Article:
On my first job at TD Bank I complained about unethical practices of Rita. She was dodging established procedures when approving mortgages, creating risk for the bank. The branch manager called her on it, revealing me as the source. I’ll never forget looking up from my desk into Rita’s angry face blasting me about going over her head, reinforcing my fear of her.
The bank became a place of stress for me, as it already was for others living in Rita’s vicinity. Rather that working at my best, I wasted huge amounts of energy and time spinning on what I had done. Should I have just shut up? Was it a career limiting move?
One bad apple poisons the entire mix. Teams are easily derailed by one bad player.
Most employees learn to tow the line. Rocking the boat makes you a target more often than a hero. That’s why abuse of power, abusive language, and complete lack of respect has stood unchallenged in so many companies. Only once people are in a safer place do they dare to challenge previous incidents as inappropriate (e.g., MeToo movement) .
Fear of retaliation allows bad behavior to quickly work its way into the fabric of the organization. If not unchallenged, it might as well be endorsed as ‘the way we work around here’. Uber is now trying to undo the harmful effects of behavior modeled and enabled by Kalanick that has woven itself into the fabric of the business.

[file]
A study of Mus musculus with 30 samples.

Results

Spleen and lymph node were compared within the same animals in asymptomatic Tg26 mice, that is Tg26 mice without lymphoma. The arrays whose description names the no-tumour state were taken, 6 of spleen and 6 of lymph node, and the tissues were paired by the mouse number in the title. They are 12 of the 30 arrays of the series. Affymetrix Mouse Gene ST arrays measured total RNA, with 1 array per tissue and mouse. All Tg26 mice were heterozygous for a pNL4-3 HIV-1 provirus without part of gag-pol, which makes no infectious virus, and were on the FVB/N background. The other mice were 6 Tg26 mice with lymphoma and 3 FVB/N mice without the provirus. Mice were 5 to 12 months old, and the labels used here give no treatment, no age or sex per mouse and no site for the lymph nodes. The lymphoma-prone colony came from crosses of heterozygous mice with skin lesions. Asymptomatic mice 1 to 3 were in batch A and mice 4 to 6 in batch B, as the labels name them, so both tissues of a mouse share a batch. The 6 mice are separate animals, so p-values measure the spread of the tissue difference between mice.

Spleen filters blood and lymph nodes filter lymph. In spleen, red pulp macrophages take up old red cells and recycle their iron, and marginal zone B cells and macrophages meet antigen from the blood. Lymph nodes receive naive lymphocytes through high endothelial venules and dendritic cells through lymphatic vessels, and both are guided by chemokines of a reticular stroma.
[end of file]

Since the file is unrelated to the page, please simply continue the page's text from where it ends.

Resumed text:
On one hand toxic employees are often tolerated because they get results. For themselves. Everyone else trudges along at lower levels because they hate the environment, making the bad employee’s work look even better.
At the other end of the scale, poor performing employees are tolerated as leaders don’t want the hassle of coaching someone who won’t improve easily. Neither do they want the pain of terminating them. Employee performance tends to regress to the mean, and people operating at the bottom end of the scale pull your team down. Allowed to endure, mediocre performance becomes acceptable.
Both of these extremes attach anchors to your team’s performance. Every day you let it ride means millions in lost productivity. How much more could you be accomplishing?
Radical change requires bold action. Evaluating the team is part of the work. Uber could not proceed without removing its CEO and leaders who didn’t exemplify the right value set. People changes are one of the strongest signals a leader can send that the status quo will no longer stand.
Don’t let your employees become your worst asset. Remove the bad apples. Take action to reinforce the right values.
Changing Your Mind
Right now, you know who the trouble-makers and underperformers on your team are:
- Envision your team without them. Just how much better could it be?
- What do you fear, that is preventing you from taking action?
- Is it possible that in releasing people you might be allowing them to find their dream job somewhere else?
If you don’t set clear goals for your culture, the laggards, narcissists and bullies will take it in a different direction. Policy is not a strong defense. Neither is training. Get the best players on the team!
Jeff works with growing businesses and aspiring non-profits to help them establish and execute leading strategies. He also works with executives who want to accelerate their growth. Learn more about Jeff here.